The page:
When former justice secretary Michael Matheson told a conference of police officers last month that most people in Scotland don’t experience crime, he was setting himself up for a fall.
Recently released statistics from Police Scotland show violent crime rose by 1.1 per cent in the past year, while sexual offences are up more than 12 per cent.
The minister’s comments were an open goal for his critics who accuse him of presiding over a “soft-touch” criminal justice system that fails victims by not to get to grips with repeat offenders.
His successor as justice minister, Humza Yousaf, recently had his own experience of crime when his 65-year-old father was attacked by thieves attempting to steal his car.
But while many Scots know someone who has been a victim of crime, for the most part we do not live our lives in fear. Violent crime, in particular, is something which happens to other people.
In fact, most crime is something which not only happens to other people, but to only a small cohort of other people.
In 2016/17, for example, 0.8 per cent of the population were victims of 57 per cent of all violent crime.
Despite recorded crime falling consistently since the 1970s, there are parts of the population who have noticed very little difference.
These are not middle-class communities worried about housebreaking and car theft, but the country’s poorest neighbourhoods which have been blighted for years by violent crime, anti-social behaviour and drugs.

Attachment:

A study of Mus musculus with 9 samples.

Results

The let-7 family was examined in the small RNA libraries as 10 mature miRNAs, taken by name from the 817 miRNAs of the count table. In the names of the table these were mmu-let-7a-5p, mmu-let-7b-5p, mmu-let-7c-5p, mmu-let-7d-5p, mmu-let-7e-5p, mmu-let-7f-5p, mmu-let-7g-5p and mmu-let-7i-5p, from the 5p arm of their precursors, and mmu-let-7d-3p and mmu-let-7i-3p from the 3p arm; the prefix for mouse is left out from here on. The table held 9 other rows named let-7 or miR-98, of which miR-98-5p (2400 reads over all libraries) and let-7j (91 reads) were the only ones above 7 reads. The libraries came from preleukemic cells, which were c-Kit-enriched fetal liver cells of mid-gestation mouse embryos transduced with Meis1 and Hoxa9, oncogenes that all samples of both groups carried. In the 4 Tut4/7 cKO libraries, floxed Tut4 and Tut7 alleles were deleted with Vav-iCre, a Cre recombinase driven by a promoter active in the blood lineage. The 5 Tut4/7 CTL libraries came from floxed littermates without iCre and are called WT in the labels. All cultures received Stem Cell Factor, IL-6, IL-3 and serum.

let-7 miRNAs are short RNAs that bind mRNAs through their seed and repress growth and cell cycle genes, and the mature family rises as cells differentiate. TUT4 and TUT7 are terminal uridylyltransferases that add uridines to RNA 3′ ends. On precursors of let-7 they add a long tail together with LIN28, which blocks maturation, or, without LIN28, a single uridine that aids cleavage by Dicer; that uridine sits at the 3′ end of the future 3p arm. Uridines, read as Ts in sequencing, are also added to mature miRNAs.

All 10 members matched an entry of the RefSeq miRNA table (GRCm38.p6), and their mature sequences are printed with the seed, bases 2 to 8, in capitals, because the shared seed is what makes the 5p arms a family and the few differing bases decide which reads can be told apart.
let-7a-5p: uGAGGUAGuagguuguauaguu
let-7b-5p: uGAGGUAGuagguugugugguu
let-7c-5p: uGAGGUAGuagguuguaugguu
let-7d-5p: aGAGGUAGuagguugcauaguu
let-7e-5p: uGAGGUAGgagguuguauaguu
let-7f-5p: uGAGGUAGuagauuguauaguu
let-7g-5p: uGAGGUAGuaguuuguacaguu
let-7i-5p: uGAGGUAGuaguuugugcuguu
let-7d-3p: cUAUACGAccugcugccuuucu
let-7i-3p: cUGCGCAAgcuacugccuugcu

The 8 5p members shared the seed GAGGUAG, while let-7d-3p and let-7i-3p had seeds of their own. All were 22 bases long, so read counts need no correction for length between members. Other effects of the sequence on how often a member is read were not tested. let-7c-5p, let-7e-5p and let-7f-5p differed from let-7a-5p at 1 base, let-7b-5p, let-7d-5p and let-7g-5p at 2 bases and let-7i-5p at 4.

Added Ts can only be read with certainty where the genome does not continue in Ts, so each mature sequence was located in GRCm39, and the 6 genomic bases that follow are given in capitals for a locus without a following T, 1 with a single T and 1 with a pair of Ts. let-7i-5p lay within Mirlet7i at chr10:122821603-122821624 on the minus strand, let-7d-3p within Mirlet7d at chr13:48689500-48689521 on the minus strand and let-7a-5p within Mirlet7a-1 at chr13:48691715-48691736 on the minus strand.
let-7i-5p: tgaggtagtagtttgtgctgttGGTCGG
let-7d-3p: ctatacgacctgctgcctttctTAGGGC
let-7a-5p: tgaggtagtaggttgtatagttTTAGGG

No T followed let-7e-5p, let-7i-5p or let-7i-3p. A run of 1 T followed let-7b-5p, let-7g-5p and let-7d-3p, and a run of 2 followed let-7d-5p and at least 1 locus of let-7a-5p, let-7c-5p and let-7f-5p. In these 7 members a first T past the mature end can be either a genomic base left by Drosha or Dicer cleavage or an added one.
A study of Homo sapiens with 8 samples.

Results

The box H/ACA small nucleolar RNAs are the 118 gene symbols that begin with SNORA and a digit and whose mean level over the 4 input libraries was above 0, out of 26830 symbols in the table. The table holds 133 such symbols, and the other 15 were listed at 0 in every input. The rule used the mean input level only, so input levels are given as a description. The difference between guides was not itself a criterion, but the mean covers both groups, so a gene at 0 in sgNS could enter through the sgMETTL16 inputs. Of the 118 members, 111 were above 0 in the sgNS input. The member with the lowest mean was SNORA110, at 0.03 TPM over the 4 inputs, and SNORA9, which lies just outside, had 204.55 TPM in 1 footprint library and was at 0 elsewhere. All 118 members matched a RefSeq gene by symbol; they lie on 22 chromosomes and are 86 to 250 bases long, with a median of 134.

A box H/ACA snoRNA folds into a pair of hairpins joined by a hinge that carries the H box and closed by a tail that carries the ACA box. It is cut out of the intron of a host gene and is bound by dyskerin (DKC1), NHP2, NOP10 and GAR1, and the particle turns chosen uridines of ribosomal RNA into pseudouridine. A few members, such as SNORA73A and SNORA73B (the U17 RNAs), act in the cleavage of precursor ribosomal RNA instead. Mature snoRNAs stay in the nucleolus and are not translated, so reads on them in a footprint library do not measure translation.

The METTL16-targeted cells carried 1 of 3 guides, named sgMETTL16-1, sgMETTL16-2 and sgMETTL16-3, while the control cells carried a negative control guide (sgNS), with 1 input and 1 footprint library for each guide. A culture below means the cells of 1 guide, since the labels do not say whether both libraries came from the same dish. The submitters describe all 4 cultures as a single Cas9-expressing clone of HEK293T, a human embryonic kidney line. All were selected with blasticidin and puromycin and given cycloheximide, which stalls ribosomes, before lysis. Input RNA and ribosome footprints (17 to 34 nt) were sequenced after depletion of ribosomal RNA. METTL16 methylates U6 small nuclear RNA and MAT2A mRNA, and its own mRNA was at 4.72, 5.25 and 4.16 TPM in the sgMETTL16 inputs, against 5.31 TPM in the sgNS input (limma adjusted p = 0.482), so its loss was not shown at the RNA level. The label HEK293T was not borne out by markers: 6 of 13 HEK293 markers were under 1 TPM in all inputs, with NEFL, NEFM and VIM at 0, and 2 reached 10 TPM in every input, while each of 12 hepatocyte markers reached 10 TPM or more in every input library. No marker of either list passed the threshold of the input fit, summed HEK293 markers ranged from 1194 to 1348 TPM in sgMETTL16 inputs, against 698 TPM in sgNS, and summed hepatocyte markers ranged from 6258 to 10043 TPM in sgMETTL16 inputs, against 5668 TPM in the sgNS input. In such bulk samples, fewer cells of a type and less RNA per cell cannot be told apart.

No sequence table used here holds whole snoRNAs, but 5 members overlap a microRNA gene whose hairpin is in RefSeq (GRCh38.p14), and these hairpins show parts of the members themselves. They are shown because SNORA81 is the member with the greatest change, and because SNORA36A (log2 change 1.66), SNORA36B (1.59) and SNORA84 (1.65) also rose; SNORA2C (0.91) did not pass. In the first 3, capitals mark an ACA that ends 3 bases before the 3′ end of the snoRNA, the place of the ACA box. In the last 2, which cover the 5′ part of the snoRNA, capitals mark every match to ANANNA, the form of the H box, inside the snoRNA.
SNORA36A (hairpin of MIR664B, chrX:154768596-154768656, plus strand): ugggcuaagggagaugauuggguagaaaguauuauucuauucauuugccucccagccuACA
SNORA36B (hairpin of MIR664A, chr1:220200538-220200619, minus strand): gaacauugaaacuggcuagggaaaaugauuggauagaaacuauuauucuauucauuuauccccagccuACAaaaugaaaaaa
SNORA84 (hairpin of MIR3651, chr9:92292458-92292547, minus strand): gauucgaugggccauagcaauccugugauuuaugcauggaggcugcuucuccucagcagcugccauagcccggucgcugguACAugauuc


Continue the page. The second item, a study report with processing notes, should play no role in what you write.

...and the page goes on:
These are communities whose members are most likely to have suffered what is now referred to in criminal justice jargon as an “adverse childhood experience” or “ACE” for short.
Such an experience could be physical or sexual abuse; emotional or physical neglect; or living in a household where there is domestic violence, drug abuse or alcoholism.
According to the Scottish Government, someone who has experienced four or more ACEs is 14 times more likely to be a victim of crime, 15 times more likely to be a perpetrator of violent crime and 20 times more likely to go to prison.
Scotland’s former chief medical officer, Harry Burns, has spoken of how deleterious these early experiences can be, not just in relation to crime, but the overall health of the nation.
He points to studies which show that those from deprived communities are more likely to have higher levels of stress hormones in the blood which can have implications for parts of the brain important for learning, decision-making, stress regulation and emotional arousal.
Slowly but surely, government is waking up to the significance of what is experienced in the early years of a person’s life and how it can colour everything which comes afterwards.
The question is: What can it do about a problem where there are no quick fixes and where it will take many years before it can be determined how effective their interventions have been?
Yesterday figures published by the National Records of Scotland showed there were 934 drug deaths in 2017, more than double the figure of a decade ago and the highest ever recorded.
Scotland has a higher rate of drug deaths than anywhere else in the UK, with opiates or opioids, such as heroin, morphine and methadone, implicated in nearly 90 per cent of cases.
Critics of those attempting to tackle ACEs say the idea is nebulous and faddy.
Tackling Scotland’s drug blight once and for all would be a good way of proving those critics wrong.